Note: The following information is principally based on the pilot’s statement. This information has not been independently validated by the BEA.
This is a courtesy translation by the BEA of the Final Report on the Safety Investigation published in March 2020. As accurate as the translation may be, the original text in French is the work of reference.
1 - History of the flight
The pilot planned to make a cross-country flight from Vichy aerodrome during which he would conduct touch-and-go landings at Nevers and Montceau-les-Mines aerodromes and then return to the departure aerodrome.
Once at Montceau-les-Mines, the pilot flew over the aerodrome to check the orientation of the windsock and thus decide which runway to use for the touch-and-go landing. He estimated that the wind was coming from 090°/120° at 15 kt and chose to conduct the touch-and-go landing on runway 09.
On final, the aircraft, configured for landing, was stabilized at 70 kt and centred on the runway. The pilot explained that, as the main gear touched down, the aircraft was still centred and the indicated airspeed was 65 kt.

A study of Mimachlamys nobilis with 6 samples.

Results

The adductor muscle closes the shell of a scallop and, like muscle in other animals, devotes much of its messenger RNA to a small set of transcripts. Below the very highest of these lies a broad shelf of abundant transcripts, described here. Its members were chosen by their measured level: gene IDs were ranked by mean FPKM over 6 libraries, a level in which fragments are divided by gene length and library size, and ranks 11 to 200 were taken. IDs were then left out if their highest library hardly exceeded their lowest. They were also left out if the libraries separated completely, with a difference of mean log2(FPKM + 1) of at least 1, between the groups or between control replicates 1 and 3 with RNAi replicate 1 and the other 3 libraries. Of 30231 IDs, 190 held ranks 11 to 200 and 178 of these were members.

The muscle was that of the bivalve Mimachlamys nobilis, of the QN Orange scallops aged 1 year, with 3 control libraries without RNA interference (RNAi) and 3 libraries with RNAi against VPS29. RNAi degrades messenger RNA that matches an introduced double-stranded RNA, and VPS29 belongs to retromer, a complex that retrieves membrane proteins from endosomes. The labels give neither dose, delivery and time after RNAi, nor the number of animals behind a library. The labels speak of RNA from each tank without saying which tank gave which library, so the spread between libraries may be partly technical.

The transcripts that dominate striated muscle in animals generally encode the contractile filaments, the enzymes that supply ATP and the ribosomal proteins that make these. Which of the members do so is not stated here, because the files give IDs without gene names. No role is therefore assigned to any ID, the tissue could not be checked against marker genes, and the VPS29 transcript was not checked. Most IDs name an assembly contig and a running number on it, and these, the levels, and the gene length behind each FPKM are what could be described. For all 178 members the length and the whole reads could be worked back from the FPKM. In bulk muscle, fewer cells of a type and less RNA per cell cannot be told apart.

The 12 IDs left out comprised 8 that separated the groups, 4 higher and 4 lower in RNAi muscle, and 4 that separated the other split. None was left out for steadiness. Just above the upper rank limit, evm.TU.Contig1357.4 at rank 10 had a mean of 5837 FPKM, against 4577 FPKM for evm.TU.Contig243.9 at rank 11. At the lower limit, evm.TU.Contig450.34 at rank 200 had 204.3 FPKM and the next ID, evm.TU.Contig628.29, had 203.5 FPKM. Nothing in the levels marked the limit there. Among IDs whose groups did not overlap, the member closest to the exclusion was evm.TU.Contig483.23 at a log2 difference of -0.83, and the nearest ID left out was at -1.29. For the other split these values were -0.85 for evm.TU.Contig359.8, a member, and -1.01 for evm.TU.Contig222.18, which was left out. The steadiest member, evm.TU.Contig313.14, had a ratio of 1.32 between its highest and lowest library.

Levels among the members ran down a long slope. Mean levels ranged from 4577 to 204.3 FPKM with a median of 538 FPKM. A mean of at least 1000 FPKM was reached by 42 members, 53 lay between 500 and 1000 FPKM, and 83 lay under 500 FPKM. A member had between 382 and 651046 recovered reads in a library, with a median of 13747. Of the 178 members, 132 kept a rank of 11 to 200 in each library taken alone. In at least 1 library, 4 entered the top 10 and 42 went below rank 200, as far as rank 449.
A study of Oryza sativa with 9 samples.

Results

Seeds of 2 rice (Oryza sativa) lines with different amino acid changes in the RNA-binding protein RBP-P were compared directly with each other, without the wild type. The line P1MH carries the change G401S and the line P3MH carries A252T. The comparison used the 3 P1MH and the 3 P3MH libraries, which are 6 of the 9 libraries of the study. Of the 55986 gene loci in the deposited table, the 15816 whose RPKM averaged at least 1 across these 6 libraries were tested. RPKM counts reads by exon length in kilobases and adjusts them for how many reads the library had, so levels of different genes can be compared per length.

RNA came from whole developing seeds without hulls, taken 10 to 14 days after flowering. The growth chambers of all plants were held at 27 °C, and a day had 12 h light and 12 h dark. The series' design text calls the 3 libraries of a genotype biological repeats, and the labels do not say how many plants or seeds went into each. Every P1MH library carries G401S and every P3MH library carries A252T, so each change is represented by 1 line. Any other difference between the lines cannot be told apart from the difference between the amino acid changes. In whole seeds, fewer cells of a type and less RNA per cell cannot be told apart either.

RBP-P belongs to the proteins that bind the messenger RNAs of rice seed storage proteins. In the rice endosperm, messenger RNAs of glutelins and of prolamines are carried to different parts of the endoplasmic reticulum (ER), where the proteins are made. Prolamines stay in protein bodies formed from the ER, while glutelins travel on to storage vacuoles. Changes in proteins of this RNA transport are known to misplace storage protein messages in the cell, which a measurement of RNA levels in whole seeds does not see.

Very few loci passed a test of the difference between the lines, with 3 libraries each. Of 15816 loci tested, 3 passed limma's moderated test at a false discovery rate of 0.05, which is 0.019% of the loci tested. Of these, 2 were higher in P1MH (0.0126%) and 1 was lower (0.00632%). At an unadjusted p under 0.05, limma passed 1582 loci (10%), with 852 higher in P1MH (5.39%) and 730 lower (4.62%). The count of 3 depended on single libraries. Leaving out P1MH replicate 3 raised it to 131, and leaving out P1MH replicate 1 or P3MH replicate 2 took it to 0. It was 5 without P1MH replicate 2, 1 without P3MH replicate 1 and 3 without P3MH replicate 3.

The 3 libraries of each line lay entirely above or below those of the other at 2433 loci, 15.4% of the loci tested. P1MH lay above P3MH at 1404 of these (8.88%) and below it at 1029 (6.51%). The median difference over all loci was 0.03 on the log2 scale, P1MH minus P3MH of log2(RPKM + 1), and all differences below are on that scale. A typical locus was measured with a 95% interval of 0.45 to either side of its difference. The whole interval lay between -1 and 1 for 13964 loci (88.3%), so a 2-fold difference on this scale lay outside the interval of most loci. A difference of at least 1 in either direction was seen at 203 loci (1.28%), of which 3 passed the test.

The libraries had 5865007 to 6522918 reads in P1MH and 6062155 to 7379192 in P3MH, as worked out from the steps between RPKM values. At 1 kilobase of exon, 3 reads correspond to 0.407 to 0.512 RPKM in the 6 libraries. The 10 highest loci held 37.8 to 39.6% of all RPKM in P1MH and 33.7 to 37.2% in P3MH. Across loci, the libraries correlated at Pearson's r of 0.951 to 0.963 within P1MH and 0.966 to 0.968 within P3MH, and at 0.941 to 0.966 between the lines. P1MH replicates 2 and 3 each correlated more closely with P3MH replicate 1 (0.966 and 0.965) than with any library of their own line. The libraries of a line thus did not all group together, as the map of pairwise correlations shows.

He added that he maintained a nose-up attitude to decelerate the aircraft. He then released the control stick and the nose landing gear touched down on the runway. The aircraft veered rapidly to the left. The pilot added that the nose wheel appeared to be unlocked and that, despite his actions on the rudders and brakes, the aircraft seemed uncontrollable.
The aircraft veered off the runway and continued its travel through the grass. On reaching a wheat field, it struck four wooden stakes and cut some barbed wire. It came to a stop in the field, about 50 m from the left edge of the runway.
2 - Additional information
At the time of the accident, the pilot was training in order to obtain a private pilot licence, aeroplane (PPL(A)). He had logged 72 flight hours, 12 of which were solo. He had flown on different types of aircraft: Diamond DA40, Cessna 172, APM 20 Lionceau and 120 and 160 hp Robin DR-400s.
He obtained the PPL(A) licence one week after the accident and has been flying regularly since then.